In the wake of President Bushs re-election, the war on terrorism and the reconstruction of Iraq and Afghanistan continues unabated. Contractors working in Iraq and Afghanistan face tough challenges, including an increasingly perilous security environment, coupled with much public scrutiny worldwide. But on top of that, working in the region often involves dealing with a difficult overlay of U.S. sanctions, laws and regulations.
Few people are aware of the complexity and broad scope of such sanctions and many do not appreciate the fine efforts by many companies to adhere to these rules in a most challenging environment. Economic sanctions remain at the forefront of the war on terrorism, as shown by the implementation of sanctions against Syria last year, lifting of sanctions against Libya for apparent "good behavior" and possible heightened sanctions against Iran. And, as a technical matter, Iraq also remained sanctioned for some time after the initial U.S. military action.
Sanctions represent an increasingly important element of U.S. foreign policy. But they are not just an academic proposition and tool of statecraft, they are a complex reality of reconstruction work. Contractors unwittingly can get caught in the middle as they try to meet the special, dangerous and pressing needs of reconstruction and still meet the letter of U.S. law.
Fortunately, contractors are taking steps to comply with the rules and U.S. regulators likewise are acting responsibly in addressing the needs of the reconstruction.
Iraq is a good example. Because Iraq remained sanctioned well into the initial military campaign, it was subject to a number of export control restrictions. Many contractors initially needed licenses for relatively rudimentary equipment and supplies despite the immediacy of the reconstruction efforts. Fortunately, Iraq no longer is sanctioned and the export control environment, while not necessarily "easy," is more permissive than a year ago. The Bureau of Industry and Security at the Commerce Dept. now has a process by which contractors can apply for a "Special Iraq Reconstruction License."
Apart from export controls, the U.S. government, through the Office of Foreign Assets Control at the Dept. of the Treasury, still has in place strict sanctions regarding working with Specially Designated Nationals.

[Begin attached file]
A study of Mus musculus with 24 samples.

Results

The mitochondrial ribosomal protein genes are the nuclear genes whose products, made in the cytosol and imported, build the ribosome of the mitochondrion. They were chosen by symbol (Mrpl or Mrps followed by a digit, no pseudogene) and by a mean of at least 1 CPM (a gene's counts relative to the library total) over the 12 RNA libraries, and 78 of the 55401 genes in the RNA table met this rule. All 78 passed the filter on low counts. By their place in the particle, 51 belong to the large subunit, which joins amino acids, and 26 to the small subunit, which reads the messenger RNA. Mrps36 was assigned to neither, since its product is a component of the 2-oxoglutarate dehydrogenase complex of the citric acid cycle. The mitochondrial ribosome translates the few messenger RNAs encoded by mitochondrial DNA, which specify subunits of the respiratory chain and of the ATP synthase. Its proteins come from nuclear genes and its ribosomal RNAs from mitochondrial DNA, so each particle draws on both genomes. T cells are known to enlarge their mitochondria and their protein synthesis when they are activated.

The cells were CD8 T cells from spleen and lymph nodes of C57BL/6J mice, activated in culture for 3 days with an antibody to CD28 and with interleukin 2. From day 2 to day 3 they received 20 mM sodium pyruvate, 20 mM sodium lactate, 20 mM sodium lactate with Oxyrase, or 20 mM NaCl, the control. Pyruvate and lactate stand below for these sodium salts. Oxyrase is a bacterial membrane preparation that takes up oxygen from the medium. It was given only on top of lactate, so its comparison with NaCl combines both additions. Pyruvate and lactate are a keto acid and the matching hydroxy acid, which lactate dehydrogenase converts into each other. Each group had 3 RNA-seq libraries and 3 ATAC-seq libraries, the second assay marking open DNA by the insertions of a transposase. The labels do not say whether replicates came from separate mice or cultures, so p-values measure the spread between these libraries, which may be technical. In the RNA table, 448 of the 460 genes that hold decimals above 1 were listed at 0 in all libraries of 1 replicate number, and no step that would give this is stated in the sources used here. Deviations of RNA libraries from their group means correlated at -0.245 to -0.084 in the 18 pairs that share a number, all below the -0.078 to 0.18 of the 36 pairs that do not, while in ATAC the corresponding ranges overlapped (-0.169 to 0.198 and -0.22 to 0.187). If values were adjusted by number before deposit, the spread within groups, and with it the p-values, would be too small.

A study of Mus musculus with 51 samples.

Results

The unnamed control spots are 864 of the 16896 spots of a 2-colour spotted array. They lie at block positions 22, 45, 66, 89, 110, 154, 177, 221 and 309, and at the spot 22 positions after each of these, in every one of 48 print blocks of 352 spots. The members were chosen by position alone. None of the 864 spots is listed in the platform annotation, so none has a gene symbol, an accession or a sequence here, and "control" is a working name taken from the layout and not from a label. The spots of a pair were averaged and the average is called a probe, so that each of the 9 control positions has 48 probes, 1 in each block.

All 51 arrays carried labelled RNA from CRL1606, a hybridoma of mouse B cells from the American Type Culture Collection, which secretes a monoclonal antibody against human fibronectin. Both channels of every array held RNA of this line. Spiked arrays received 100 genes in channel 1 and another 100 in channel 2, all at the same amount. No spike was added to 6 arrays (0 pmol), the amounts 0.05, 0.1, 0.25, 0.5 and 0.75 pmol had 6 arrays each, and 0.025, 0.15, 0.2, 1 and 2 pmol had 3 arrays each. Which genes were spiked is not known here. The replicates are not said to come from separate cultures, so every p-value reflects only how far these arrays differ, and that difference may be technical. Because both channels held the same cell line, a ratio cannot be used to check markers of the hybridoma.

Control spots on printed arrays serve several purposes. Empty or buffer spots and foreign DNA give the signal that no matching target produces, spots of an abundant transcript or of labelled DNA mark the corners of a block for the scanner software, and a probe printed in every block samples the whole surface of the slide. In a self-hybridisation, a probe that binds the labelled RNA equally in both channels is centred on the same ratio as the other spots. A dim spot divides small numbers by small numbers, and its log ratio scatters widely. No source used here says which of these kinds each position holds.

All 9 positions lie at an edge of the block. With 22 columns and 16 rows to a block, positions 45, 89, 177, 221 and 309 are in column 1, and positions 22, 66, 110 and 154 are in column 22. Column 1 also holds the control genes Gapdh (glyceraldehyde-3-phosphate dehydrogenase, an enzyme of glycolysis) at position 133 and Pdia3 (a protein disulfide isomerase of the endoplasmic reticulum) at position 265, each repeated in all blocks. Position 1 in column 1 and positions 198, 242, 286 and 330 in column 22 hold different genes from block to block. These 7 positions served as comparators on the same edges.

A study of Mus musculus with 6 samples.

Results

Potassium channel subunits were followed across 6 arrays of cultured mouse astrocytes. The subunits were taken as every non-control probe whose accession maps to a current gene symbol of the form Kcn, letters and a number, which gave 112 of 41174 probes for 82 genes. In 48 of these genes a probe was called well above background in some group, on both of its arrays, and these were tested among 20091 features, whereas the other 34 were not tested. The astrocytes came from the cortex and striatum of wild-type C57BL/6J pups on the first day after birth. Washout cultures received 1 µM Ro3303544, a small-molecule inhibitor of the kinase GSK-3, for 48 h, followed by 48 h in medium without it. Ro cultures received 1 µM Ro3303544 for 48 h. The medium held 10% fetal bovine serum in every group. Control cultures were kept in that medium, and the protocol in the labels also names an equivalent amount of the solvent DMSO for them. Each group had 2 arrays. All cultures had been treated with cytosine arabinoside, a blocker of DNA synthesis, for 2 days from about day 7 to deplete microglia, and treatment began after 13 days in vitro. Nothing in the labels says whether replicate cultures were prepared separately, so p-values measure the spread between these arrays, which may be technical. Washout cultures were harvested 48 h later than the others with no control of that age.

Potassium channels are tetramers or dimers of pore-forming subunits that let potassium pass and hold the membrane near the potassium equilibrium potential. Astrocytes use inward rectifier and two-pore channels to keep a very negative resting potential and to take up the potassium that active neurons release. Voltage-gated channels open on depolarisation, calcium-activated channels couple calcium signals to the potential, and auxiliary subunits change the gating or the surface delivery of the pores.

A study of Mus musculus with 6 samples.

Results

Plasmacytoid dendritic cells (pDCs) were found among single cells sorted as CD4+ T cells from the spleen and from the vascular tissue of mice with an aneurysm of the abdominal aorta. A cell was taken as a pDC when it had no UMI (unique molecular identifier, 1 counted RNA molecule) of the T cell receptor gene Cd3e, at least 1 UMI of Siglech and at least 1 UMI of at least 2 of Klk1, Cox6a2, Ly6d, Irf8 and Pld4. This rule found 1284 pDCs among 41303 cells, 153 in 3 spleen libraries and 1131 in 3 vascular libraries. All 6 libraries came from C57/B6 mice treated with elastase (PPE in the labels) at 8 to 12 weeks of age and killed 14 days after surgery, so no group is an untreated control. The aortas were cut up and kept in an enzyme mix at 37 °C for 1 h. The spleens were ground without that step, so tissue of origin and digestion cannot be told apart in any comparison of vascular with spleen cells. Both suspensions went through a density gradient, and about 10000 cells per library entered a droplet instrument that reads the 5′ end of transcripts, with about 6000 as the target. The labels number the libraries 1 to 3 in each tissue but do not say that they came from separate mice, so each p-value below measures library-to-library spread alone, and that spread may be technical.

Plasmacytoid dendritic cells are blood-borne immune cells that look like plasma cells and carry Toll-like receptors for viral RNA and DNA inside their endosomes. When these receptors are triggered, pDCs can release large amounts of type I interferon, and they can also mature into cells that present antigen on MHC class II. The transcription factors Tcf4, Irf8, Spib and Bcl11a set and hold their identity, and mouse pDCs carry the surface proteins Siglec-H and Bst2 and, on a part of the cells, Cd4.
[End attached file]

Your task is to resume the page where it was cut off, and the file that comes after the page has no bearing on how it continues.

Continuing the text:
SDNs are thousands of persons and entities throughout the world who have been designated as terrorists or supporters of terrorists (or narcotics traffickers). Any substantive contact with them is a possible violation of U.S. law, potentially subjecting the violator to criminal penalties, not to mention bad publicity.
Because many people and firms want to get in on the reconstruction action, reconstruction contractors in particular need to have mechanisms to screen potential partners against the SDN list.
These laws apply independently to all U.S. persons anywhere in the world and there are separate clauses in federal contracts that specifically apply these requirements to the reconstruction.
The screening is not easy because of the way the list is published. It often is possible for contractors to have "false matches" that require further research. But compliance makes sense from many views because contractors surely dont want the added threat of working with SDNs.
Logistics and sourcing channels are made far more complicated as a result of sanctions against Iran and Syria. Contractors in Iraq, in particular, have to contend with many thousands of miles of border adjacent to sanctioned territory. They had to develop strategies to ensure that work gets done quickly and well, but doesnt violate U.S. law.
Under such conditions, one easily could imagine that compliance with U.S. sanctions rules would go by the wayside. But that doesnt appear to be the case. And with all of the criticism and scrutiny surrounding reconstruction efforts, this is one piece of good news that deserves mention.